As the dollar reaches new historical lows against pretty much all other global currencies, Ukrainian monetary policymakers must be wondering how much longer they should defend a narrow exchange rate corridor against the greenback.
Ukraine's currency, the hryvnia (UAH), has been de facto pegged to the dollar since the 1998 financial crisis. Since a currency revaluation in April 2005, the hryvnia has been trading at UAH5.05:$1, which places it comfortably within a declared band for movement of UAH 4.95-5.25:$1. As such, it has been very successful in stabilising the economy by giving people faith in the local currency. This in turn has helped bring down inflation and facilitate economic growth.
Ukraine is not unique in this respect. A number of countries in emerging markets use hard dollar pegs to fix their exchange rate frameworks. The difference is that in their case, such as in the Gulf, the US is their biggest trading partner.
Thus, the weakening dollar is not having a substantial impact on those countries' principle export commodities. In Ukraine's case, its main trading partners are EU member states, with a substantial part of those transactions nominated in euros.
As a result, the dropping value of the dollar is having a direct impact on Ukraine's external competitiveness vis-à-vis Europe. There is both a positive and a negative effect. On the one hand euro strength against the dollar means that Ukrainian principle export commodities, such as steel, chemical products and machinery are more competitive in terms of price.
However, to become more competitive and increase productivity, Ukraine needs to import capital goods - factory equipment, technology, materials - a lot of which comes from Europe and is nominated in euros.
Consumer goods like cars, washing machines and mobile phones are also getting more expensive because of a stronger euro. This in turn results in inflationary pressure - a monetary evil policy makers are at pains to eradicate.
Another possible negative effect that could be generated by weakening dollar is that majority of people traditionally held their savings in dollars. It made sense, because the prices for housing, cars and even salaries were all referenced in dollars.
However, there is a risk that a weaker US currency could result in a switch from dollar prices to euro prices, which would be equivalent to a 40% price increase. This took place in other East European countries such as Bulgaria and Romania as well as the Baltic states that used to have dollar-based economies, but now use the euro as their reference currency.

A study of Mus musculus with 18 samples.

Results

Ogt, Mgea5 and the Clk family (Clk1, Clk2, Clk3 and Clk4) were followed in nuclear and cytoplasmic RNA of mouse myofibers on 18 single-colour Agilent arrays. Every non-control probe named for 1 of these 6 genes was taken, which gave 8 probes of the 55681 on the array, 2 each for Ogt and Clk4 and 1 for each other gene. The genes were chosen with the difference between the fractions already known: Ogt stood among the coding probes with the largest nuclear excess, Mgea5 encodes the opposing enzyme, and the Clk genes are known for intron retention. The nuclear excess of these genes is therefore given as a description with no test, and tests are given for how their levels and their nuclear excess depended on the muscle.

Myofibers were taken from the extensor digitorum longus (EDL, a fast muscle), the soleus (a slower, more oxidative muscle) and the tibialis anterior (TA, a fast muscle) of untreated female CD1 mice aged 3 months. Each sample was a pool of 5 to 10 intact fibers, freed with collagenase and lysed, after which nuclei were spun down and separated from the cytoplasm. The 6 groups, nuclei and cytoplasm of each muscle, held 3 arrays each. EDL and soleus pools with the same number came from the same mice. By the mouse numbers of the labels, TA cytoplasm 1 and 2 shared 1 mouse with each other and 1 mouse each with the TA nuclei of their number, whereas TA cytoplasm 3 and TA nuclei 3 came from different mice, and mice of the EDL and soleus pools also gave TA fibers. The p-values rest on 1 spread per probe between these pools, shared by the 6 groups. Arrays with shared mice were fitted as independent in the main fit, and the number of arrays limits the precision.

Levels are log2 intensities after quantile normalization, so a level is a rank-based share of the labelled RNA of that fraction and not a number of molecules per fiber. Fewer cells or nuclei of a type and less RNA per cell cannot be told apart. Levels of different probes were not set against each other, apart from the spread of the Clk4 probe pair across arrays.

In the case of these countries, the transition was relatively slow and smooth and the gap between the dollar and the euro was much smaller. A sudden switch at this point would be very expensive for consumers and would effectively erode a substantial part of people's savings.
"A stable hryvnia-dollar exchange rate remains an important psychological anchor among Ukrainians and therefore the key monetary tool in stabilising the currency," said Adomas Navickas, a partner at KBC Securities Baltic Investment.
A more gradual transition through relaxation of the exchange rate mechanism and widening of the dollar-hryvnia corridor may be the best solution. It would allow the market to determine the value of the Ukrainan currency with the central bank intervening to offset sudden external shocks.
Volodymyr Stelmakh, governor of the National Bank of Ukraine, suggested back in May that a shift in monetary policy may be imminent. However, nothing has yet taken place, in the absence of a functioning parliament and clear political vision.
Indeed, given the political situation it is probably best no major monetary policy changes are implemented until there is a stable government. The peg was introduced precisely because there was no faith in policy making. The fear is that short-term political tampering with the exchange rate would only undermine faith in the local currency, as politicians are often accused of fixing the exchange rate to suit their own business goals.
Seen from that perspective, the recent election has hopefully served as an important milestone in creating a political consensus on future monetary policy. It is clear that Ukraine cannot retain a hard dollar peg indefinitely and policy makers need to project a clear vision of where to go next. As in its geo-political choice, the answer is probably either closer to the euro or the ruble.